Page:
The Fed Is Continuing To Raise Interest Rates. What Does This Mean for Your Loans and Debts?

By: David Halverson September 26, 2022

With news that the Federal Reserve raised the federal funds interest rate to a range of 3% to 3.25% on Sept. 21, 2022, consumers are faced with a mixed bag of pros and cons. On the plus side, this means that the interest rate on savings accounts is the highest it has been in years, giving savers a welcome reprieve from the near-zero interest rates they have faced recently. But on the downside, it means that credit products, from auto loans to home mortgages and everything in between, are getting ever-more expensive. As with any financial situation, however, the answer is not to bury your head in the sand and wait for things to get better. The best approach is to arm yourself with as much information as possible and take action where necessary to improve your financial position. Here are the things you should know about how the Fed’s campaign to stamp out inflation is affecting your loans and debts and what you can do to help mitigate any damage.

Credit Card Rates Will Continue To Trend Higher

Credit card rates are among the first to jump higher in response to rate increases by the Fed. This is because banks are quick to charge more money to customers, but slower to raise the savings rates they pay out. Although the correlation between Fed rate increases and credit card rates is not 1:1, you can expect that credit card issuers will boost rates by close to 0.75% relatively quickly thanks to the Fed’s three-quarter-point raise on Sept. 21.

Promotional Rates Will Be Fewer and Farther Between

During booming economic times, credit card issuers become fast and loose with promotional credit card offers, particularly 0% balance transfer offers. But with rising inflation and the Fed raising rates to choke economic growth, many economists are calling for a recession in 2022 and/or 2023. In this type of environment, promotional rates will likely be harder to find. If you’re in need of one, it might be a good idea to snag one while you still can.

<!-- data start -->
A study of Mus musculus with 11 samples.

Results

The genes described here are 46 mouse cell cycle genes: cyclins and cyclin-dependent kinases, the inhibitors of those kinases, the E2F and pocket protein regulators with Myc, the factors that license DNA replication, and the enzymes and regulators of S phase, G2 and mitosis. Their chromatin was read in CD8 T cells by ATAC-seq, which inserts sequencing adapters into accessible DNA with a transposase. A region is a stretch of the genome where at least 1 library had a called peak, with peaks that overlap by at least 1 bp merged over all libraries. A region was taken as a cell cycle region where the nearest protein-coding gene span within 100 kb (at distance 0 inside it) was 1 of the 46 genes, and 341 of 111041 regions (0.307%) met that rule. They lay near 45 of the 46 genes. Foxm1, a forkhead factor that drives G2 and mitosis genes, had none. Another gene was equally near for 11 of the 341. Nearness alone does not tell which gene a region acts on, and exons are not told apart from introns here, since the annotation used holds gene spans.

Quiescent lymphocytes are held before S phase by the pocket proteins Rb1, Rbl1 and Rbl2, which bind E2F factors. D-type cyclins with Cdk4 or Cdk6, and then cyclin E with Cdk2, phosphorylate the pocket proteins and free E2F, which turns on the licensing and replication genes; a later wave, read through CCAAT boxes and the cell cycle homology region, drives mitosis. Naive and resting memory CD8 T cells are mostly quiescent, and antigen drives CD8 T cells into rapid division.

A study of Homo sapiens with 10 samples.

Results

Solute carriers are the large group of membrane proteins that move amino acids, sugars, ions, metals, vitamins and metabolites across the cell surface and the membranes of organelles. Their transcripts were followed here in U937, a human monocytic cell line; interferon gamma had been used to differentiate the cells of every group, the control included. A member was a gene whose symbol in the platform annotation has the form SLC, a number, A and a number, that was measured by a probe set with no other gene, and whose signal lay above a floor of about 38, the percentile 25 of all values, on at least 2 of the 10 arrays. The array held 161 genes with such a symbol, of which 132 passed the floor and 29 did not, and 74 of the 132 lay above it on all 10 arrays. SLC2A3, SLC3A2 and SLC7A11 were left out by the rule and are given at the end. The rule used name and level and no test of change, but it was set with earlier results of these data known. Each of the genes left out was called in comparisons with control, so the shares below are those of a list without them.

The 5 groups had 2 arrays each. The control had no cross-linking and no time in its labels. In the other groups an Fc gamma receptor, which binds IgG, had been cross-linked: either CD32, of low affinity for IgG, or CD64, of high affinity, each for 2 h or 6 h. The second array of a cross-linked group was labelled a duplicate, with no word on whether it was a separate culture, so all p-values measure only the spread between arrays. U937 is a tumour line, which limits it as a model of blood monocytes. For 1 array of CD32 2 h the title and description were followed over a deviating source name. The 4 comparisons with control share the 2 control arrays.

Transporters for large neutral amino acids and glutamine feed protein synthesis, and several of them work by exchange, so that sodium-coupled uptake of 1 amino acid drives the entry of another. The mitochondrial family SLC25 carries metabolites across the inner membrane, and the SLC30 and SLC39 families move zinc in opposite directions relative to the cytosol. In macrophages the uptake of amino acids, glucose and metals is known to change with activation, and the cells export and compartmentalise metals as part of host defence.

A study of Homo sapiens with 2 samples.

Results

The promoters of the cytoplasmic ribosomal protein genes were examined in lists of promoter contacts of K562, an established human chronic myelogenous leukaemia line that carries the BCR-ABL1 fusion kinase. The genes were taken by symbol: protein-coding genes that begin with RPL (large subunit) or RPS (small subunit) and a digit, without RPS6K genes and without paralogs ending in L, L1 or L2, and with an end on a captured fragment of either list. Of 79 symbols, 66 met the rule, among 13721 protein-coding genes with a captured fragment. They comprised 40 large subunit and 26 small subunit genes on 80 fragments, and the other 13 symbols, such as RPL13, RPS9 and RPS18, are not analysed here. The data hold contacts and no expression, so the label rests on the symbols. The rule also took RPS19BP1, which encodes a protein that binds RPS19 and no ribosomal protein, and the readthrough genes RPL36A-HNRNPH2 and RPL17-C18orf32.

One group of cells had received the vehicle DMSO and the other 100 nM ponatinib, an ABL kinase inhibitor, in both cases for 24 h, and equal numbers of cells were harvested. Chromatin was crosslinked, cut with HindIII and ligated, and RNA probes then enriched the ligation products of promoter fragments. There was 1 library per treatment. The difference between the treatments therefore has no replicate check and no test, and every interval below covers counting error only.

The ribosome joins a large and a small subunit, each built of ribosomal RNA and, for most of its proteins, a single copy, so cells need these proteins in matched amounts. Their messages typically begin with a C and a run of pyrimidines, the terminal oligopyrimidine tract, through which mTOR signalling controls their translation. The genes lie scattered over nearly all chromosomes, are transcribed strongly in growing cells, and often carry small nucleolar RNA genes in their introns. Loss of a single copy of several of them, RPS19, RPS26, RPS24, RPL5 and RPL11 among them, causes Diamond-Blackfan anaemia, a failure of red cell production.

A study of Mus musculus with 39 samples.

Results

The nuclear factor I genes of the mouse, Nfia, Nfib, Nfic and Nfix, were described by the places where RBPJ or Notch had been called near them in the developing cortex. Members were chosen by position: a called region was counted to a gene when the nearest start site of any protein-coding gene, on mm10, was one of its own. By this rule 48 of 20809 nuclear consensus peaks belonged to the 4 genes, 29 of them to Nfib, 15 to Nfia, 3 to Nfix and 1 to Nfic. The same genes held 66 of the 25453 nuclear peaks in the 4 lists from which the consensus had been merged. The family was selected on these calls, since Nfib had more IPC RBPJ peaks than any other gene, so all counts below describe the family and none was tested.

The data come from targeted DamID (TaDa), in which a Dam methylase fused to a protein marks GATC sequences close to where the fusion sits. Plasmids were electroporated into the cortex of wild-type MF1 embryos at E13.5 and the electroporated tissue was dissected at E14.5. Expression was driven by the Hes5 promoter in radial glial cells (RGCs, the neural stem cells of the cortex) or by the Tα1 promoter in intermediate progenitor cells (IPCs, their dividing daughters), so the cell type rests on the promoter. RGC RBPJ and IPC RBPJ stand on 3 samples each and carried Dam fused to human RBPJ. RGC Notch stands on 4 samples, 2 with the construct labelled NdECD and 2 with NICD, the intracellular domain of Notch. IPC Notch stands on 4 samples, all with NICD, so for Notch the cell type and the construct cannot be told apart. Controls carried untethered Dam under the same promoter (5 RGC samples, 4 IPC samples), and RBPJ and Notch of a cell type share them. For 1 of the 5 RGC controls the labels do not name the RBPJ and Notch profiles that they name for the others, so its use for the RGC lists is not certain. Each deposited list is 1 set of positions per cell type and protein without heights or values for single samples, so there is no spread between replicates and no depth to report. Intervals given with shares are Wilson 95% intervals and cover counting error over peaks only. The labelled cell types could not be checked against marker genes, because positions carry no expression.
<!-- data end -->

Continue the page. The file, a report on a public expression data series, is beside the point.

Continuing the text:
Your Fixed-Rate Loans Will Remain Static

One of the benefits of a fixed-rate loan is that even when interest rates rise, your loan will stay the same. In a rising-rate environment – which appears to be the case until at least sometime in 2023 – grabbing fixed-rate loans can pay off. Although a rate of 8% or 9% on a personal loan may seem high now, for example, those rates might hit 11% or even higher just a few months down the road. Although predicting interest rates is a bit of a gamble, as the Fed has clearly stated it will continue to raise rates until inflation is tamed, it’s a good bet that they will continue higher throughout 2022.

Your Adjustable-Rate Loans Face Potentially Dramatic Increases

If your loan has an adjustable interest rate rather than a fixed one, you could be in for a rough patch over the coming months. As the name suggests, adjustable-rate loans adapt to the current interest rate environment, which is rising. While you may have gotten a lower rate when you took out the loan vs. a fixed rate, your rate is likely headed higher, and potentially much higher. This might be a good time to sit with a financial advisor or loan specialist and determine if you should try to swap into a fixed-rate loan before your rates adjust too high.

When Are the Remaining Fed Meetings in 2022?

The Fed has two remaining meetings in 2022. They’re scheduled to be held Nov. 1-2 and Dec. 13-14. [30] Estimates for how much rates will rise at these meetings vary considerably, but few expect anything but significant raises at each of these meetings. The Federal Reserve itself announced at its Sept. 2022 meeting that it estimates the fed funds rate will hit 4.4% by the end of 2022 and 4.6% in 2023, [31] up from the current level of 3% – 3.25%. In other words, by 2023, the already high rates seen as of Sept. 21, 2022 are expected to jump an additional 1.35% to 1.60%, or perhaps even more.

What Should You Do Now?

With inflation remaining elevated, even the Fed itself sees rates jumping significantly over the next year-plus. Even if the Fed ends up raising rates less than it anticipates, it seems almost a certainty that rates will be higher by the end of 2022, and again by the end of 2023. Knowing this trend in advance can help you plan out the best way to manage your debt portfolio. Consulting with a loan expert can be a good way to ensure that you’re keeping all your financing options open and availing of the lowest interest rates that you can possibly get. This is particularly true if you have any adjustable-rate loans, as you might want to look at your options before your costs start escalating more than they already have.